Last week, an image circulated online showing a variant of the Chinese Shenyang FC-31 – also sometimes referred to as the J-35. It is believed to be the first high-resolution photo of the “prototype navalized derivative” of the fifth-generation stealth aircraft. The photo featured the aircraft with gray tactical paint and subdued national insignia, along with the identification number 35003.
“J-35 Prototype 350003 & Prototype 350001,” captioned David Wang (@Nickatgreat1220), who regularly reports on Chinese military hardware.
It was last October that the modified naval variant, which had been dubbed the J-35, made its maiden flight. It has been reported that the Naval variant aircraft is intended to operate from the newly-launched Fujian (Type 003) aircraft carrier via an electromagnetic Aircraft Launch System (ALS). This navalized variant is based on the second prototype of the FC-31 and features a catapult launch bar and wing-fold mechanism.
Very Detailed View
What makes last week’s photo of the J-35 especially remarkable is that it is the highest resolution – and thus highest detailed – image of the aircraft yet published online. While images of the aircraft, including in flight, have circulated, most were low-resolution and didn’t allow observers to see crucial details.
As TheDrive first reported, the images show the front opening, as well as an internally bowed canopy that is similar in design to the Lockheed Martin F-35 Lightning II – and suggest that the Chinese aircraft certainly was at least influenced by the design of the American-made stealth fighter. While the Chinese do not appear to be developing a short takeoff and vertical landing (STOVL) variant – similar to the F-35B – the J-35 still utilizes a canopy design similar to the Lightning II, which was designed to accommodate the lift fan used in the STOVL model.
A Good Facsimile … of the F-35
China has long copied – or at least reverse-engineered – all sorts of western products, so it isn’t surprising to believe that it copied a multitude of American design elements for its own fifth-generation fighter. However, Chinese hackers were also believed to have stolen multiple terabytes worth of data related to the F-35 program, including information on the Lightning II’s radar design – the number and types of modules used by the system – as well as its engine, including the method used for cooling gases, leading and trailing edge treatments, and aft deck heating contour maps.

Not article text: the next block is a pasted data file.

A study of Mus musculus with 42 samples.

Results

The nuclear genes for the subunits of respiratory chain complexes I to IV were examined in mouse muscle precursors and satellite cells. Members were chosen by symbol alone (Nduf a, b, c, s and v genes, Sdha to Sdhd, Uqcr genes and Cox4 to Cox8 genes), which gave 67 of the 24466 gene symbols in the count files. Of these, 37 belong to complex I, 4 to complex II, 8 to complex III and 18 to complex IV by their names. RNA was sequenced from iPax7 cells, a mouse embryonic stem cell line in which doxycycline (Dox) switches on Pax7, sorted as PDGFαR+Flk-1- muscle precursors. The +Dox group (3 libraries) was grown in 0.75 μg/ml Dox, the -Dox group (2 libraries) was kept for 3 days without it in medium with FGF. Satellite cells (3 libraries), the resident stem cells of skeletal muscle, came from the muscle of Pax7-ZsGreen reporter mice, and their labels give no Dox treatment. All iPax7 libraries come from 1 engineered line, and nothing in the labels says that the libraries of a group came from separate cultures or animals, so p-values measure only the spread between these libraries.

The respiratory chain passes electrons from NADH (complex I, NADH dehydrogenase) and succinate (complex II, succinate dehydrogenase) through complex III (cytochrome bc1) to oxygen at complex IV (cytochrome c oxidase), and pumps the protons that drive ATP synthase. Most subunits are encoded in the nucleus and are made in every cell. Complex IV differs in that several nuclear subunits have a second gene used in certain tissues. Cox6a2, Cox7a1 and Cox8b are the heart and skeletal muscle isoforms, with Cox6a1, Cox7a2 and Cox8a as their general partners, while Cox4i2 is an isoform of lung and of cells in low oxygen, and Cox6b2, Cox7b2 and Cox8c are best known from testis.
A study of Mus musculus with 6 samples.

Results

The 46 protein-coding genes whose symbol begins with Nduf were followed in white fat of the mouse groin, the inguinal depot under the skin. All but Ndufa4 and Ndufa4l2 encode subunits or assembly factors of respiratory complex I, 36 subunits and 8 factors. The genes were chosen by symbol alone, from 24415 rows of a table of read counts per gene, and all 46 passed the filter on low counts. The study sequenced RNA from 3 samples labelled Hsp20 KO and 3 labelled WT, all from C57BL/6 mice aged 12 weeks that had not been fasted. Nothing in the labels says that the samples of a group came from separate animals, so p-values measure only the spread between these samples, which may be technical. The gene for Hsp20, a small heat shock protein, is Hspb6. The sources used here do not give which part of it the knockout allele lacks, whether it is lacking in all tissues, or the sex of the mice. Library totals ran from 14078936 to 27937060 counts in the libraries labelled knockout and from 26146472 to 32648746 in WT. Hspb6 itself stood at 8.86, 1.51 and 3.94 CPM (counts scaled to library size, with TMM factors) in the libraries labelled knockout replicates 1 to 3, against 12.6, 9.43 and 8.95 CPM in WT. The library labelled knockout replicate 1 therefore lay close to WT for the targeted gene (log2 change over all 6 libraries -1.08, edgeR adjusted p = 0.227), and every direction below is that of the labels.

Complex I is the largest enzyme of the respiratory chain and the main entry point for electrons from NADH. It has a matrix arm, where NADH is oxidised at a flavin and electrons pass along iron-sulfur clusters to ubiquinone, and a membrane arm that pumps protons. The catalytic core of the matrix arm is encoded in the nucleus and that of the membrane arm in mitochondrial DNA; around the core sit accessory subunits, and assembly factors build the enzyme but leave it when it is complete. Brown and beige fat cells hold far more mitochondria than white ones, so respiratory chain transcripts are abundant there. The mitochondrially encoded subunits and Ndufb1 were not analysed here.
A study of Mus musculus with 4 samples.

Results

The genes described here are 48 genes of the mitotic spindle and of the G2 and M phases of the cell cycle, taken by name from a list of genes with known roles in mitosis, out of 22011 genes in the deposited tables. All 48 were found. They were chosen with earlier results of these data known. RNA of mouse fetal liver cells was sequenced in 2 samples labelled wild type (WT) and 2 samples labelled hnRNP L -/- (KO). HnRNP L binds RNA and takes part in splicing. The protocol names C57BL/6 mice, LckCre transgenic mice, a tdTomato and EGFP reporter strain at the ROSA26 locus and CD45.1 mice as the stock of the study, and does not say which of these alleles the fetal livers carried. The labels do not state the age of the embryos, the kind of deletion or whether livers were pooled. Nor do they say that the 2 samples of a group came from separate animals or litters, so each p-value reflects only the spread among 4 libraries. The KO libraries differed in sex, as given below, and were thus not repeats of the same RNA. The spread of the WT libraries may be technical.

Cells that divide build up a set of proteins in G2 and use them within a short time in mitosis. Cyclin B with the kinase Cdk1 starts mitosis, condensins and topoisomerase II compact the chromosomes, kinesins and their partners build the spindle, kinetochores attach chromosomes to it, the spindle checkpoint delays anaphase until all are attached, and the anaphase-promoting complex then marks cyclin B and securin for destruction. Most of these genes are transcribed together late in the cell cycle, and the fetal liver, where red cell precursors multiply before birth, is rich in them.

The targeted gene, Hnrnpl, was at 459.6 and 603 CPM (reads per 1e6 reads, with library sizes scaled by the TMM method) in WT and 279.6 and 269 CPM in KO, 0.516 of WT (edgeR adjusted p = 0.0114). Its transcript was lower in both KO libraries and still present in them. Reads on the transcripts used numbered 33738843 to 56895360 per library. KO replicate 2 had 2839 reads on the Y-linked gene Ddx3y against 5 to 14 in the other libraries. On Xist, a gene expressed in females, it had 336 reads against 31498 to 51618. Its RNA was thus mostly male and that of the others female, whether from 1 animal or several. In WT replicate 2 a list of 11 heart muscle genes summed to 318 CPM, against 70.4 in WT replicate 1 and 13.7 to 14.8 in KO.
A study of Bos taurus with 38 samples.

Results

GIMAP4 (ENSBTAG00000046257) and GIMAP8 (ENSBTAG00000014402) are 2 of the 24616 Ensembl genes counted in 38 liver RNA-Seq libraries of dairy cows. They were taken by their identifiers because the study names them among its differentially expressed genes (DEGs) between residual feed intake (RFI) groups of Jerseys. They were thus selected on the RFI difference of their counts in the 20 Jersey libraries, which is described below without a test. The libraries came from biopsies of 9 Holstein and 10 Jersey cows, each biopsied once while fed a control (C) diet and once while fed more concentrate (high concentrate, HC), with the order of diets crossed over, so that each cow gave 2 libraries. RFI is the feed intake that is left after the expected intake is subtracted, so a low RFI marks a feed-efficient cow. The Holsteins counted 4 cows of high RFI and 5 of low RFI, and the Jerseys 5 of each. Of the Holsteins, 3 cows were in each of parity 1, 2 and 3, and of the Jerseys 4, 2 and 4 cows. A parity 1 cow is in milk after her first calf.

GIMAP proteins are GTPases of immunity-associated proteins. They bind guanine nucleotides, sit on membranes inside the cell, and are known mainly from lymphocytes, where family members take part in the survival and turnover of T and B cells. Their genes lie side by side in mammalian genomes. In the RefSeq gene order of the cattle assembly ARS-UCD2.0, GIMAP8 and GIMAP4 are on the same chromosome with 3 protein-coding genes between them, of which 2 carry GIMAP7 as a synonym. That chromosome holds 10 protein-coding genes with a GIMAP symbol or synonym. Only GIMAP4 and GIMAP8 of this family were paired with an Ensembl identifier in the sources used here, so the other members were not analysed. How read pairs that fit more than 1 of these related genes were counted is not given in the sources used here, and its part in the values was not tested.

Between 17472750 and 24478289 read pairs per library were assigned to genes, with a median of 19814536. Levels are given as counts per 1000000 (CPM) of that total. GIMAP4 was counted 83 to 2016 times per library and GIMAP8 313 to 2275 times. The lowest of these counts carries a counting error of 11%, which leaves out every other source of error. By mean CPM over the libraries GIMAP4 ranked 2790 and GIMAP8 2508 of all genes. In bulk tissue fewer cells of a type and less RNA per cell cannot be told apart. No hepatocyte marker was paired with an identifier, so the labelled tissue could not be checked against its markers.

Moreover, it was soon after the hack had been discovered that the FC-31 was first unveiled to the world, as a one-quarter scale model, at the China International Aviation & Aerospace Exhibition in 2012. A full-size airframe was officially introduced at the Zhuhai Airshow in November 2014.
J-35 Prototype 350003 & Prototype 350001 pic.twitter.com/3mhcXWRoKN
— David Wang (@Nickatgreat1220) July 22, 2022
The recent image posted online also shows that the J-35 could have received the new domestically-produced WS-21 engines, an improved variant or derivative of the WS-13E. Whether those engines can actually deliver the expected performance remains the big question. Any aircraft can look good on the ground, of course – especially in a high-resolution photo – but seeing it in flight will determine if the J-35 actually lives up to the hype.
A Senior Editor for 1945, Peter Suciu is a Michigan-based writer who has contributed to more than four dozen magazines, newspapers and websites. He regularly writes about military hardware, firearms history, cybersecurity and international affairs. Peter is also a Contributing Writer for Forbes. You can follow him on Twitter: @PeterSuciu.